For game night, we broke out an old favorite of mine: Axis & Allies (classic version). So how did the evening go? Overall, we had some fun, but we didn't spend a lot of time actually playing the game.
Axis & Allies is one of those games that I really enjoyed as a young adult but never really got any use after I got married. It went through several moves over the years, but the packing tape that I put on it to protect the contents from spilling out had never even been removed. Occassionally, the kids have seen the box and have wanted to play with it, but I always felt like the combination of a bazillion pieces, oodles of rules, and "tween"-aged kid was a recipe for disaster.
This week, I changed my mind.
Only two kids wanted to play -- my ten-year-old son Sharkbait and my eight-year-old daughter LittleRed. The recommended age is 12 and up.
What the heck; my kids are pretty smart, right? We can do this.
I expected my son to want to play, but I had also been counting on my thirteen-year-old daughter to add some additional deep-thinking to party. Unfortunately, she had better things to
Before we could play, there were a number of hurdles. First, we had to get the box open. I bought the game some time around 1990, and it was taped up some time between 2000 and 2005. By 2012, the tape was still strong, but the box had seen better days. It still works, but I had to be careful that I didn't destroy it as I opened it.
Time spent: About five minutes
Kids status: Bouncing around in anticipation.
Next came the sorting of pieces. After several trips in the U-Haul, the pieces weren't any where near their appointed storage locations. We assigned countries and got to work. I would take the Axis powers, mostly because they are harder to play, but I do like me some Japanese island-hopping. Sharkbait would play Great Britain and the Soviet Union. LittleRed would take USA because they aren't too hard to play at a basic level. Plus, she really wanted to be "us." She may have used the term "the Good Guys."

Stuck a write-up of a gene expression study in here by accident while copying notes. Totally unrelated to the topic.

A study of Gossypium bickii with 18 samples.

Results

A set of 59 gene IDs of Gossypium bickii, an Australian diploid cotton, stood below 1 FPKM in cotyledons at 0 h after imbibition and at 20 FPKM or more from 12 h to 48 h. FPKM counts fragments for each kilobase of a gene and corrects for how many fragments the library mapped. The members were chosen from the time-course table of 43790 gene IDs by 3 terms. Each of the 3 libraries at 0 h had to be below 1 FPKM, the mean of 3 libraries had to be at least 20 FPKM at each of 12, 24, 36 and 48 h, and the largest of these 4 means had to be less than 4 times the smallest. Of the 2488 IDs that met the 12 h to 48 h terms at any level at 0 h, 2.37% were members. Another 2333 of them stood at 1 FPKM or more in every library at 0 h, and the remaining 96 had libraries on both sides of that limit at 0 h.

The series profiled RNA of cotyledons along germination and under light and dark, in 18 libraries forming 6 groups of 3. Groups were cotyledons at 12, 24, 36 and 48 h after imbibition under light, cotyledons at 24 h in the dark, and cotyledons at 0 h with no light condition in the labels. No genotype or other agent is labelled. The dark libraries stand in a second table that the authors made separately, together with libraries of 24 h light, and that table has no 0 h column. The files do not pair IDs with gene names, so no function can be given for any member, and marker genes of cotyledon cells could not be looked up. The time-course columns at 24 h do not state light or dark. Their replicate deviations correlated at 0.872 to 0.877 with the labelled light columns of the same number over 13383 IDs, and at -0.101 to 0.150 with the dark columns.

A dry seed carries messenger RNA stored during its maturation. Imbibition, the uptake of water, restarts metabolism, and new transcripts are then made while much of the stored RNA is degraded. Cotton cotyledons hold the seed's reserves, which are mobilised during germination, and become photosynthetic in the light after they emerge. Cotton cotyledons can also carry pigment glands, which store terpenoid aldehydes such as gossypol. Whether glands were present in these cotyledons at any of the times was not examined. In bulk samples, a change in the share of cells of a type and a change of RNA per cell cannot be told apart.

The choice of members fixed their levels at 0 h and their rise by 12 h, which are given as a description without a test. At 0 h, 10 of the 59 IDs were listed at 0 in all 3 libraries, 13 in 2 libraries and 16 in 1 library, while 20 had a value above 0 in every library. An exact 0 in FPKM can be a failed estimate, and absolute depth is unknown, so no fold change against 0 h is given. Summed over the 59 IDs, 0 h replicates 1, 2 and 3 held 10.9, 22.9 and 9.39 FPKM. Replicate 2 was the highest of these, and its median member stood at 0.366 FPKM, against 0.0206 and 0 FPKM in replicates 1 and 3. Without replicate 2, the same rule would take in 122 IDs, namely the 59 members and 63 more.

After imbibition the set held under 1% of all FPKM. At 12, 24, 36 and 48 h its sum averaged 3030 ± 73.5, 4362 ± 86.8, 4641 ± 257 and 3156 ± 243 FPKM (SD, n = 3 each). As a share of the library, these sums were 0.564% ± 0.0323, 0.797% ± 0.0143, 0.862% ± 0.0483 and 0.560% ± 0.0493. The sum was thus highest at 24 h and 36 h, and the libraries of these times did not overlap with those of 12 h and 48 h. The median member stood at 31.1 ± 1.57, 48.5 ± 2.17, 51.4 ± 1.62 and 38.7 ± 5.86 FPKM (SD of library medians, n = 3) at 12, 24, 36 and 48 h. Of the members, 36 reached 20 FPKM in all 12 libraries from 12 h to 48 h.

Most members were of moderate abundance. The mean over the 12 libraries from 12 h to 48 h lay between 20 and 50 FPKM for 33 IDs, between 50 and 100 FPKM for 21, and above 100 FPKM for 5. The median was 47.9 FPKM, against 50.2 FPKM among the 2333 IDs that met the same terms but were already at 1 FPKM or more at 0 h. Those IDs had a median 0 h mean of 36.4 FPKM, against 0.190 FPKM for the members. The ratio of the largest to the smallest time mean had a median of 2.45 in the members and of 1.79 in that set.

Sorry, rest of the Allies, you are no longer the Good Guys. My eight-year-old has decreed it.
Needless to say, this process took quite a while. The kids were real troopers and even seemed to enjoy it. Too bad they don't take to sorting their toys into appropriate storage with such gusto.
Time spent: About 30 minutes, including some pauses for bathroom breaks
Kids status: Ready to play.
Next, we had to set up the board. Wait. All that sorting wasn't the setup? Nope, kiddos. That was the pre-setup. Now we have to put those bazillion pieces out on the board. Each person doesn't get the same stuff, either. No, we each have to consult our handy charts to see where we put things.
Time spent: About another 30 minutes, probably with more bathroom breaks.
Kids status: Still having fun, but eyes are starting to glaze.
Guess what, kids? It's time to play! Yay... So the game mechanics are actually pretty straight-forward. First, you buy stuff, but you don't actually get to put it on the board yet. (Your guys are building it.) Then you move any and all of your armies into battle. Then, you pick a battle, and we place our pieces on the battle board. We roll dice and pull stuff off as it dies. After all the battles, you can move anything else that didn't attack. Then, you put your new pieces on the board.
There are exceptions to these rules, like submarine attacks, off-shore bombardments, and so forth. We play with them if the kids seem to get it, and we leave them out for now if the rule goes over their heads. For the most part, the kids got it.
Time spent: About another 30 minutes. Wait. You finished the game in 30 minutes?
Kids status: "Dad, I'm done."
The number of rules and their difficulty turned out to not be a problem. The length of time spent before the game started was a huge contributing factor. Combine the pre-game fatigue with the number of pieces the kids had to control, and their brains roasted by the end of the first round.
First, I need to sort the pieces and possibly even set them up myself so that the kids can start the game fresh. Second, I need to have them only control one country each. That means getting my thirteen-year-old in on the action. Finally, I probably ought to wait a year or so before breaking this game out again. Not only will the kids be more mature, but maybe they won't remember the burn-out they experienced this time.
For now, we're going to have to stick with games that have fewer things to track.
The silver lining?
My kids won't be bugging me about pulling this box down off the shelf for a while.